In Georgia—the poultry capital of the world—drivers in the city of Cumming will now encounter massive billboards asking whistleblowers to speak out against any wrongdoings they’ve witnessed at Tyson Foods or McDonald’s. In English and Spanish, the signs are intended to reach thousands of people affected by the chicken industry and introduce them to our new resource: ChickieLeaks.com.
A secure online platform meant to give a voice to those who've suffered in the chicken industry, ChickieLeaks.com is a place where folks can report wrongdoings by Tyson or McDonald's. Tyson Foods is the largest poultry producer in the United States and supplies McDonald’s with most of its chicken.
Mercy For Animals has conducted four undercover investigations into Tyson chicken facilities, and each time we’ve documented animal abuse. See for yourself:
McDonald’s is the world’s largest fast-food chain and purchases hundreds of millions of chickens annually in the United States alone. Despite its enormous power, the company has fallen behind many of its top competitors when it comes to the welfare of chickens raised for meat.
While chickens suffer immensely at the hands of these companies, the human cost is also steep. Contract poultry farming for companies like Tyson Foods is often referred to as indentured servitude by farmers themselves, since they take on excessive debt, struggle to pay it off, and are forced to compete in a zero-sum tournament system with fellow contract farmers.
Christopher Leonard, former Associated Press agriculture reporter and author of The Meat Racket, said:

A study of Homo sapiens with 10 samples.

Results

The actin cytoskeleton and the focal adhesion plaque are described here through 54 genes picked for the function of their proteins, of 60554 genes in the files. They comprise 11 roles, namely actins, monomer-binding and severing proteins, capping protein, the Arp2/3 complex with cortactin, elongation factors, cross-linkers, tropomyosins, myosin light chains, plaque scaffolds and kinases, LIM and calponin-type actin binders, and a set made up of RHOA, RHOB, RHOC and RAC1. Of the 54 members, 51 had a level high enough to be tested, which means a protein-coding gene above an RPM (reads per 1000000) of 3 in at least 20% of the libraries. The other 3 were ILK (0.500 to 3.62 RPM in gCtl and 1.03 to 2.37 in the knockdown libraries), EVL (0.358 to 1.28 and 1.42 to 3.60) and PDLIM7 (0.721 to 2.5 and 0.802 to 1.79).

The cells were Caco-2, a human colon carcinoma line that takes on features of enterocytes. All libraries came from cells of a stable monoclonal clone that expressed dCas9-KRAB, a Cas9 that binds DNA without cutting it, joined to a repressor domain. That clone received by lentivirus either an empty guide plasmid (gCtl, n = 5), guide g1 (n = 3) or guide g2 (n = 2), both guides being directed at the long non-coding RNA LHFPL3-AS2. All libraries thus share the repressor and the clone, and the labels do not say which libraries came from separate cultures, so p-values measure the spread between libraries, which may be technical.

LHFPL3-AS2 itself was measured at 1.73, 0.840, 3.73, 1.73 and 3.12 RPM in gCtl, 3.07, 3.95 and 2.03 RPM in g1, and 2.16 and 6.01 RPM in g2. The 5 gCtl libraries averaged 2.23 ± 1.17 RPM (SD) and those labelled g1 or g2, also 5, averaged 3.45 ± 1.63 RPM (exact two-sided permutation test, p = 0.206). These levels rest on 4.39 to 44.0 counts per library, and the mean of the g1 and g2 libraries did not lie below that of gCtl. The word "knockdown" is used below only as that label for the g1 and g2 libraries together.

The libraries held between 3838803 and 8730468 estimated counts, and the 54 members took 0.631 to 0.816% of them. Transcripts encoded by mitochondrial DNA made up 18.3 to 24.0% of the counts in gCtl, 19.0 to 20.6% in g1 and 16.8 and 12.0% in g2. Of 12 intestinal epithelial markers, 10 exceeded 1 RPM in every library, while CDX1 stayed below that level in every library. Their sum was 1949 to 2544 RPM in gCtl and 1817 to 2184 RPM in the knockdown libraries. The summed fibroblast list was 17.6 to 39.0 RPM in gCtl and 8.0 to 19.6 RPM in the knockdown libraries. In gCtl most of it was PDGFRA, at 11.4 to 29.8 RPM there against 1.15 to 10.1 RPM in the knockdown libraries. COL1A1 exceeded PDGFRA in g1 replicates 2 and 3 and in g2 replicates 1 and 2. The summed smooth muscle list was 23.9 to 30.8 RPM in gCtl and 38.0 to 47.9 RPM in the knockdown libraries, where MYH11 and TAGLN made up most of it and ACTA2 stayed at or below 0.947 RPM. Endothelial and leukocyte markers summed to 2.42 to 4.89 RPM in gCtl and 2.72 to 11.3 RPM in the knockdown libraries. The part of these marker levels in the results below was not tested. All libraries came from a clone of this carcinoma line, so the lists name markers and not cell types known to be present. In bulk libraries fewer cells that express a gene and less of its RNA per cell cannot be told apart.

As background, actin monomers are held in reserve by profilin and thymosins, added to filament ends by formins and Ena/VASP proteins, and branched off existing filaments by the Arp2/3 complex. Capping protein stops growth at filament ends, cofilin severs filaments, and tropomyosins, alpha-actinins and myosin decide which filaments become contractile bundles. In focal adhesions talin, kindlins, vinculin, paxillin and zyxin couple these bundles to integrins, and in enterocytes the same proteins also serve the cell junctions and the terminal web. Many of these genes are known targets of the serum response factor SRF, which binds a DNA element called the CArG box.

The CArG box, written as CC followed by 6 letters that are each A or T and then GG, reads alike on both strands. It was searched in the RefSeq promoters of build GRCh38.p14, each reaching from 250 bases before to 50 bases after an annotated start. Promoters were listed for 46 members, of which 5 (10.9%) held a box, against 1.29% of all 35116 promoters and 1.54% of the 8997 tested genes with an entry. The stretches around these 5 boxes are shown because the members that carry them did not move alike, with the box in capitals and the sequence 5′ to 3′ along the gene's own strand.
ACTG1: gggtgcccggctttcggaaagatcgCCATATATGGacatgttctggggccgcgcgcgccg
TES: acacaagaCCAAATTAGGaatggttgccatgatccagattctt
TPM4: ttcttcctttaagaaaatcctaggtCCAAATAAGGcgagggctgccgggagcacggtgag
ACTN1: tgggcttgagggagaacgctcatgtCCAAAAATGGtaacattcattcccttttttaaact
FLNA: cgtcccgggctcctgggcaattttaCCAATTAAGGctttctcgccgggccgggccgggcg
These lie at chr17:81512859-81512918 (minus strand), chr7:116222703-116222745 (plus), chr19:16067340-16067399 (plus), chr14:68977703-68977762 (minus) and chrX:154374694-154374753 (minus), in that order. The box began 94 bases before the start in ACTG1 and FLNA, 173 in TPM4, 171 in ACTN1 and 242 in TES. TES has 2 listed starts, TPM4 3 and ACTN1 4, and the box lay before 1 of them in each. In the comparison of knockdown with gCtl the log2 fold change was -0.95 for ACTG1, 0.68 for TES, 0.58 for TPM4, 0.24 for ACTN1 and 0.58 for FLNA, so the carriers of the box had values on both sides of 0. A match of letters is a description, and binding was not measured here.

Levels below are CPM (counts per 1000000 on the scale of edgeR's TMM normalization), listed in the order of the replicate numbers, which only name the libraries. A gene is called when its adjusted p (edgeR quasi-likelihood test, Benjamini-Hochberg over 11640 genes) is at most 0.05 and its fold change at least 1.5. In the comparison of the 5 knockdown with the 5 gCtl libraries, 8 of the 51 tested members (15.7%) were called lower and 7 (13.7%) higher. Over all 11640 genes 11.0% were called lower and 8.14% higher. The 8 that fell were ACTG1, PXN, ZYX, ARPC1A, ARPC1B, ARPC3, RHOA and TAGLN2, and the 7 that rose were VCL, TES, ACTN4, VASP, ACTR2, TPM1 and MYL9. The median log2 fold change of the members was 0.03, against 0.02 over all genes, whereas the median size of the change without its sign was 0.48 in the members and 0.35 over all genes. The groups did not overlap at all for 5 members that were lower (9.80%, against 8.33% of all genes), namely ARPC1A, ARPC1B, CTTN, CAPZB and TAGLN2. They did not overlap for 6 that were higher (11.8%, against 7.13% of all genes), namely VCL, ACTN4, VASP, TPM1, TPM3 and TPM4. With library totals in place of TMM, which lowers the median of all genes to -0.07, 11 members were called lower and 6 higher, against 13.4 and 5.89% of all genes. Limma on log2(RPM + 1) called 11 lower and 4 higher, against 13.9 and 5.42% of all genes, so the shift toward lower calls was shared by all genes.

The farmers have almost no control over the most important things in the operation. The farmer has no control over what quality of chicks are delivered to the farm, whether they are healthy or not. The farmer doesn’t control what kind of feed is delivered to the farm. So essentially they end up taking orders from a big company like Tyson Foods in the same way a serf might be tied to a lord many, many years ago.
We know many contract farmers and processing plant workers are deeply unhappy with how big meat companies treat them. They have many harrowing stories to tell. Collaborating with them presents a powerful opportunity: If we can gain the support of the very people who raise animals for food, we can work with them to reduce suffering inside their farms—and we might even be able to encourage them to shift their careers away from animal exploitation.
In addition to the billboards, Mercy For Animals will purchase print ads in local Georgia media and initiate direct-mail campaigns in chicken farming communities in several states, such as Arkansas, where Tyson Foods is headquartered.